Fly fishing films don’t typically involve lederhosen, a stuffed giraffe and polka music.
“Das Fischer” isn’t a typical fly fishing film.
With plenty of props and no dialogue, the 9-minute Wes Anderson-style comedic short film by Moscow’s Ben Hernon tells the fictional story of a young German, Otto Rubschlager (Chris Staudinger, Spokane), who is inspired by the legendary outdoorsman Hildebrand Richwine (Andy Abrams, Moscow) to travel to Idaho and learn the art of fly fishing.
The work is a departure from the usual for Herndon, who has worked full time as a freelance photographer for the past three years. He spends his days capturing outdoor adventure landscapes and lifestyle images for outdoor brands, magazines and the like. Sometimes he gets assigned work, but much of the time he’s providing creative energy and content on his own. The perks of the job include adventure and beauty; the downside is that he’s got prove his value in a competitive industry. That’s how he got thinking about film.
“I’d been told that if you’re not doing video too, you’re not going to make it,” Herndon said.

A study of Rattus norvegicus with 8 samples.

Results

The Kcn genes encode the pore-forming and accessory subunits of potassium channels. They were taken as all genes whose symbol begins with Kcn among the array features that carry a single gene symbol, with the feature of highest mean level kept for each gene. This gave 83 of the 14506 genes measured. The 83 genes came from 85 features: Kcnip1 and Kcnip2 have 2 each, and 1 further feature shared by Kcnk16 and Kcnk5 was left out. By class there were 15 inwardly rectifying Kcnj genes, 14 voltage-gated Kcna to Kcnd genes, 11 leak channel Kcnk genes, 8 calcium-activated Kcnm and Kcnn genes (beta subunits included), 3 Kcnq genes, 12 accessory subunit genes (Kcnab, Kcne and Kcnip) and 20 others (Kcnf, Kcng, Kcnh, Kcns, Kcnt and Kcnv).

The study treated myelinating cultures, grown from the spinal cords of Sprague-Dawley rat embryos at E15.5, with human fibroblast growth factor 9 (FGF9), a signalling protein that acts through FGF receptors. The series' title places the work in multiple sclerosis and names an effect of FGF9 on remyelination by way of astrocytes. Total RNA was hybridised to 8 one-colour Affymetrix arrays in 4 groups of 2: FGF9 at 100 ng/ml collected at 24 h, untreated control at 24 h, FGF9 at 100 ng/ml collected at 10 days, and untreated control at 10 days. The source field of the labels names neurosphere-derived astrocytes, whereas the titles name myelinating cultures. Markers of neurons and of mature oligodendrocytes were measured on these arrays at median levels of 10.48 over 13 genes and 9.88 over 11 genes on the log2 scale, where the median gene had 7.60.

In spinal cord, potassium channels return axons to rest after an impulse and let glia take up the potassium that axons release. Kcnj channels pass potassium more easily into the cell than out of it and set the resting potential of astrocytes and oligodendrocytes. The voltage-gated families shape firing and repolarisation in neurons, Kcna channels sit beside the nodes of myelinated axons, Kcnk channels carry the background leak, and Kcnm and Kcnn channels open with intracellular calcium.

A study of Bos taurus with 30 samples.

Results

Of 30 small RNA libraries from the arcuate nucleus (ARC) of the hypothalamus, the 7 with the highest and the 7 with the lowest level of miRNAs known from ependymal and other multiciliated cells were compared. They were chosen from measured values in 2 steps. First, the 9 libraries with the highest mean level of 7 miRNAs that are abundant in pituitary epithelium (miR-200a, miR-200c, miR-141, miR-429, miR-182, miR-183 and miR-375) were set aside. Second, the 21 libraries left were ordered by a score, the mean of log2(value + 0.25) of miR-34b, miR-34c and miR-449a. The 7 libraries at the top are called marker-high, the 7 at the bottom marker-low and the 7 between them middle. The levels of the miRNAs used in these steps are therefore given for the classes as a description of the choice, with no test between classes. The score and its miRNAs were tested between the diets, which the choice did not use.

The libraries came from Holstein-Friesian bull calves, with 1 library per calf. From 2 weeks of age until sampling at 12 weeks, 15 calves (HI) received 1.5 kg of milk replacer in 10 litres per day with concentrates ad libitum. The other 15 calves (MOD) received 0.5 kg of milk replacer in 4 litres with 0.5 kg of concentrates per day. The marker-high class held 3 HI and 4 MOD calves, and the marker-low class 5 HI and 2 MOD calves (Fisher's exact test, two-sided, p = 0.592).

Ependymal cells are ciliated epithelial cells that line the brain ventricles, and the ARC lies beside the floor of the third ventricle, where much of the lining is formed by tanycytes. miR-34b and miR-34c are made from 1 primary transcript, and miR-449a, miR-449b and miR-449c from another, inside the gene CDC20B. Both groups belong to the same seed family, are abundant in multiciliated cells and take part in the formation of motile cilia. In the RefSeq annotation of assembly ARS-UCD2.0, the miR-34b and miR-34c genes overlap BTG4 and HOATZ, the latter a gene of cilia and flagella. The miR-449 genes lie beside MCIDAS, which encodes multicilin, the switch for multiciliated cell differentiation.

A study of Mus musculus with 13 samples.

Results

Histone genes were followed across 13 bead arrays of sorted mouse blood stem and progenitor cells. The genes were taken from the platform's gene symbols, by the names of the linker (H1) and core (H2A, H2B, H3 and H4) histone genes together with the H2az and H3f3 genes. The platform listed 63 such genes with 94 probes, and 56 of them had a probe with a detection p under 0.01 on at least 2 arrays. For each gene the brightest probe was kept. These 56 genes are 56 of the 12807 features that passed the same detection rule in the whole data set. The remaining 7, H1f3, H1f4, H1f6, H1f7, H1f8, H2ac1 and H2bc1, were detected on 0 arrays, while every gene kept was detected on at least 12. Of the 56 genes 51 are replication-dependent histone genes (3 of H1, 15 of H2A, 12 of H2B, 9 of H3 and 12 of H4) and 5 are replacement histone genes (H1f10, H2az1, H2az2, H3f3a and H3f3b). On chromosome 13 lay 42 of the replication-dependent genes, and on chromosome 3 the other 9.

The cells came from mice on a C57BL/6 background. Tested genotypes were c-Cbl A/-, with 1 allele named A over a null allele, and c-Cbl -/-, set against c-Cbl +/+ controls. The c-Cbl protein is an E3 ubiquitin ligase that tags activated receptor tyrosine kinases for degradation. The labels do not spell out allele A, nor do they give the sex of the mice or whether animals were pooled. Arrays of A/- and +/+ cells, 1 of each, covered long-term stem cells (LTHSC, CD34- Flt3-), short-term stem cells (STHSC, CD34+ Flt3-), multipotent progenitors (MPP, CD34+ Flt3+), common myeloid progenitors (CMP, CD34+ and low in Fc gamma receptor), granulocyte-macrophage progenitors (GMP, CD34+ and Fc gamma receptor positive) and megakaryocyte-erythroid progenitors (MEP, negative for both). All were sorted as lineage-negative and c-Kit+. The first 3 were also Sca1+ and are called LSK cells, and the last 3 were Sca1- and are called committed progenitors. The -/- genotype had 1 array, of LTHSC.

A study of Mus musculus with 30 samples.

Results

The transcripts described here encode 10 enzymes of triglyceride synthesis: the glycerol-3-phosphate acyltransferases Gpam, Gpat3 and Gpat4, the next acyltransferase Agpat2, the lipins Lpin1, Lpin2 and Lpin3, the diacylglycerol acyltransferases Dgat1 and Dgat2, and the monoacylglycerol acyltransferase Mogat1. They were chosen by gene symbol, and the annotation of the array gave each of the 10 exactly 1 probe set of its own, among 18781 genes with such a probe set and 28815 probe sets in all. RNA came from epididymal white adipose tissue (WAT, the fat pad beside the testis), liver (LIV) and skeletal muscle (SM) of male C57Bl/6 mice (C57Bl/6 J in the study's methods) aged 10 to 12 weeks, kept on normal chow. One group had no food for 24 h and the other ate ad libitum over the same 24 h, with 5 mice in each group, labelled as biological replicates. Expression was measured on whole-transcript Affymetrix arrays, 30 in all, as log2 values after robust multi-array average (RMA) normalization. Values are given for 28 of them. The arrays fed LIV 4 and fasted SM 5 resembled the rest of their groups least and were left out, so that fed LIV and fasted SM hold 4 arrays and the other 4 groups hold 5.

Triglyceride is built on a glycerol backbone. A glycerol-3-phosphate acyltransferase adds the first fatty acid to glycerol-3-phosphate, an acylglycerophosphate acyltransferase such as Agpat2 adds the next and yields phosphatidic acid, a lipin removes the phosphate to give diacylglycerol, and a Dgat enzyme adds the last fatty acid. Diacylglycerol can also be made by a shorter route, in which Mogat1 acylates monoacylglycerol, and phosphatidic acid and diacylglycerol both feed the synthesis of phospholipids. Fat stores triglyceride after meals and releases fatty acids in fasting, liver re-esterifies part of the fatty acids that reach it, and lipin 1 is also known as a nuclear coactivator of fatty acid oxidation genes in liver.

He likes films that are silly, character-driven and more narrative in form, but that’s not what you see in the outdoor adventure genre. As he and his buddy Abrams were talking about spending more time on the river together, the idea of doing a fly fishing film was born.
“It started with that fishing theme and branched out from there over the course of a year,” Herndon said.
Herndon gathered funds and a team and shot the film over the course of three days in the region. Locals might recognize a house in Moscow, the Lewiston hill as seen from south of Asotin, the river canyon of the Grande Ronde and a storefront in Lostine, Ore. A tent interior shot was done in the back of The Storm Cellar in Moscow, featuring the head of a 14-foot stuffed giraffe that was hung creatively from the rafters.
Editing the film took three months, after which Herndon submitted it to several film festivals. “Das Fischer” won “Best Angler Film” at the 2017 FilmFestivalFlix Mountain & Adventure Film Festival and is touring internationally with MountainFilm.
Well, it’s online for you to watch. Just because.
“That was one of the fun things about this project. I wasn’t interested in enhancing my film career. I could just enjoy it without trying to sell myself,” Herndon said.
Overall, it has received positive feedback. Even Germans love it. A friend of Herndon’s, musician Bart Budwig, shared the film with some older fly fishermen while traveling in Germany and they laughed at the ridiculous stereotypes the film plays on.